Whilst falling short of the heights seen in September 2022, the US dollar continues to reign supreme as the world’s preferred currency for international payments. As its dominance continues to impact cross border payments into and out of the Global South,
the real impact on hard-to-reach markets needs to be addressed. On one hand, using the Dollar as a settlement currency has benefits due to its liquidity and stability. Conversely, the sheer dominance of the dollar presents friction for both senders and receivers
who may prefer to transact in the local currency. For example, the use of the dollar often results in small businesses in
Africa paying up to 200% more than larger businesses to clear transactions.
Additionally, because of this dominance, whenever there’s fluctuation toward higher interest rates in the US, this can be quite damaging for markets such in Africa or other Global South Regions, where the dominance of the Dollar means a weakening of the
local currencies. Investors in the Global South tend to pour capital into the dollar with these market currencies weakening as a result. This has recently caused increased debt levels in economies such as Ghana and Uganda.
A strengthening dollar, along with commodity prices rising due to geo-political factors, has put these African markets into a pincer. Decades of reliance on the US dollar, which is a tax on emerging market currencies, has now been brought into focus through
this current predicament.
Especially as we enter an unprecedented, intense period of currency volatility, the implications of Dollar dominance in cross border payments for hard-to-reach African economies, which are already suffering disproportionately from geo-political crises, is
in danger of being ignored.
Hampering prosperity for hard-to-reach African economies
45% of payments made from Africa are made in Dollars, made using the SWIFT network. This creates significant friction as the USD exists parallel to regional currencies, directly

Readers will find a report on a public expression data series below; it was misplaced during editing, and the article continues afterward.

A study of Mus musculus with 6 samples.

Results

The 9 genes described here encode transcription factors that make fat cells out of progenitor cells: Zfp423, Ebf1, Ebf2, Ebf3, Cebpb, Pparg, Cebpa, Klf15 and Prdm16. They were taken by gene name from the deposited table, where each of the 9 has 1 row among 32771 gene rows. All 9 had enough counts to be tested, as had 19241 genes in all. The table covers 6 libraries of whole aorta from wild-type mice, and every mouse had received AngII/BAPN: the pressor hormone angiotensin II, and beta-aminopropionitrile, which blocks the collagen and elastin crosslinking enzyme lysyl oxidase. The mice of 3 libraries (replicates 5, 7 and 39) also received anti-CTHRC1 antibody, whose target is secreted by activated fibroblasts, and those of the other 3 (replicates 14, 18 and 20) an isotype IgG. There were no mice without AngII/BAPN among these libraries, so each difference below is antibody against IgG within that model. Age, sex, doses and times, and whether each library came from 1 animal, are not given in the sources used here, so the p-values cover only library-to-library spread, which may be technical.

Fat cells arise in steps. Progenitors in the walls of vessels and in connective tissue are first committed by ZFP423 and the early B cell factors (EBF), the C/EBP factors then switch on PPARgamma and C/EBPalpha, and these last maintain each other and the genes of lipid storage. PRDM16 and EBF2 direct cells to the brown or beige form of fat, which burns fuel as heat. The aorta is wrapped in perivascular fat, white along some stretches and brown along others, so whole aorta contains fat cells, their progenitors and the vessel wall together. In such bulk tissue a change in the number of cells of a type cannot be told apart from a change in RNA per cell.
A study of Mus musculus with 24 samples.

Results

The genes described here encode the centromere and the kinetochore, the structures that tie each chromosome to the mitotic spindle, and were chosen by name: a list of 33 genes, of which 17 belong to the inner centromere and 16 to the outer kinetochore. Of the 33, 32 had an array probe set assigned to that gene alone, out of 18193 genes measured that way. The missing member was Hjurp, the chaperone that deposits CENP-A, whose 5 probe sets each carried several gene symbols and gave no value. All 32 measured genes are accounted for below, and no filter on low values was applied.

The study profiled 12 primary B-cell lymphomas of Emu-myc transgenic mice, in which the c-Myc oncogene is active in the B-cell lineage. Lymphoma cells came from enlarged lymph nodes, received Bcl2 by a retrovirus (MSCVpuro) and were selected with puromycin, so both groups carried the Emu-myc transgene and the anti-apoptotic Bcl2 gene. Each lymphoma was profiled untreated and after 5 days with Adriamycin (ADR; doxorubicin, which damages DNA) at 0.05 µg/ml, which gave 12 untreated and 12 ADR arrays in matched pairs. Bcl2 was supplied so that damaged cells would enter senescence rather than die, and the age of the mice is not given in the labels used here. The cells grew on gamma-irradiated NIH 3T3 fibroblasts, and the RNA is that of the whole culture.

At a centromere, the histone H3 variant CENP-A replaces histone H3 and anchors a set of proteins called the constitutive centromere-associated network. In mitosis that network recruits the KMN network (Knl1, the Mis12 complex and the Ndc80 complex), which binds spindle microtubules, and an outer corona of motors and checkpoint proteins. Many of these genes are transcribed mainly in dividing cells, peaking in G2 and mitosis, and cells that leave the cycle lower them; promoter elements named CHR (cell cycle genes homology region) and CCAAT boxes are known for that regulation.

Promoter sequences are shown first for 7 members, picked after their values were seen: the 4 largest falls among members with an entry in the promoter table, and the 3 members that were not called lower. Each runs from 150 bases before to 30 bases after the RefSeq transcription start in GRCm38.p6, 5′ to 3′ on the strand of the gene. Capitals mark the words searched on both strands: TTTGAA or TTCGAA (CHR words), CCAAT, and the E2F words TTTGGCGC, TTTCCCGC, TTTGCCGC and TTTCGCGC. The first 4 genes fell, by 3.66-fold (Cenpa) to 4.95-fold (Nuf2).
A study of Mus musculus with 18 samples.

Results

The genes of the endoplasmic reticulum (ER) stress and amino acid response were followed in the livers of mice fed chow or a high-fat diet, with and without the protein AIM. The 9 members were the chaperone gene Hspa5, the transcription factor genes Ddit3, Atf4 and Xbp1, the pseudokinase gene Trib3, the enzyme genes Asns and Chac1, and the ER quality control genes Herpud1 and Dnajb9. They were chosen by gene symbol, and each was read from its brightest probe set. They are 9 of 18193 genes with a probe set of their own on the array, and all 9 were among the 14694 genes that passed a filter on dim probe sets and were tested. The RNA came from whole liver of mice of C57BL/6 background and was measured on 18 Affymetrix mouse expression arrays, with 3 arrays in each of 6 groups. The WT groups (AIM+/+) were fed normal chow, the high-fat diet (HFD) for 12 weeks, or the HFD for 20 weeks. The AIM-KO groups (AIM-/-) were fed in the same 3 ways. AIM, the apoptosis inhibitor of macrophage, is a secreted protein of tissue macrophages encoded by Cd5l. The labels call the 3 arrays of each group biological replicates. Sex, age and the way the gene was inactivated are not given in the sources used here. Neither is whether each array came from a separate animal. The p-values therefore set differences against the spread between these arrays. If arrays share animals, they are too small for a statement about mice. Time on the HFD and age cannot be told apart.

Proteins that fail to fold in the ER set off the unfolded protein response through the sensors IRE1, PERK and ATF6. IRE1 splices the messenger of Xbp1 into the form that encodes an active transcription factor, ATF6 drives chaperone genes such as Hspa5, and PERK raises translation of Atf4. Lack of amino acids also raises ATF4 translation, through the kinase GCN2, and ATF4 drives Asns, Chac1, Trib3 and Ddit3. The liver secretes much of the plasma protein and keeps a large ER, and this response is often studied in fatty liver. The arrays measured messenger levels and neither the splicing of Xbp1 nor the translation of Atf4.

impacting trade and market growth. Intra-African payments alone made in intermediate currencies are estimated to cost the continent
$5bn each year, which restricts local prosperity.
Suppliers of key imports to the Global South have historically expected buyers to pay for goods using dollars or other intermediate currencies, due to concerns around currency volatility. However, for those residing within the emerging markets, getting hold
of hard currency is not easy. The availability of US dollars in many African countries is scarce, and often doesn’t filter down to SMEs. In addition, businesses can wait for weeks to accumulate funds to pay overseas suppliers or reduce their operations as
a result of lack of hard currency liquidity.
The frictions around cross-border payments not only result in high FX fees, they also have a significant impact when it comes to intracontinental trade. The value of intra-Africa trade is notably low in comparison to other regional blocks.
Data from the UN reveals that only 17% of total African exports go back into the continent, compared to intra-EU exports of 68% and intra-Asia exports of 60%. This results in more capital leaving Africa than entering it – another factor which limits the
growth of African economies, particularly SMEs. FX inefficiency and dysfunction is a significant barrier for intra-Africa trade, and restricts the prosperity of African supply chains.
The impact of ignoring the worsening situation
While the Dollar remains strong, the global economy is fragile, and the situation is set to worsen throughout 2023. This will inevitably exacerbate the existing dynamics around cross border payments, leaving African economies bearing the brunt of friction
points in the existing payments ecosystem.
By continuing to rely on the Dollar for cross-border payments as opposed to facilitating South-South currency flows, the financial situation of African economies will stagnate, with SMEs set to feel the impact most strongly.
Reliance on the Dollar must be reduced. This can be done by creating better global banking links that facilitate Africa-Africa currency pairs and payments, and remove the intermediary of the Dollar. Allowing local businesses and people to fund payments to
non-US jurisdictions in local currencies will allow the avoidance of the challenges associated with the scarcity of hard currency.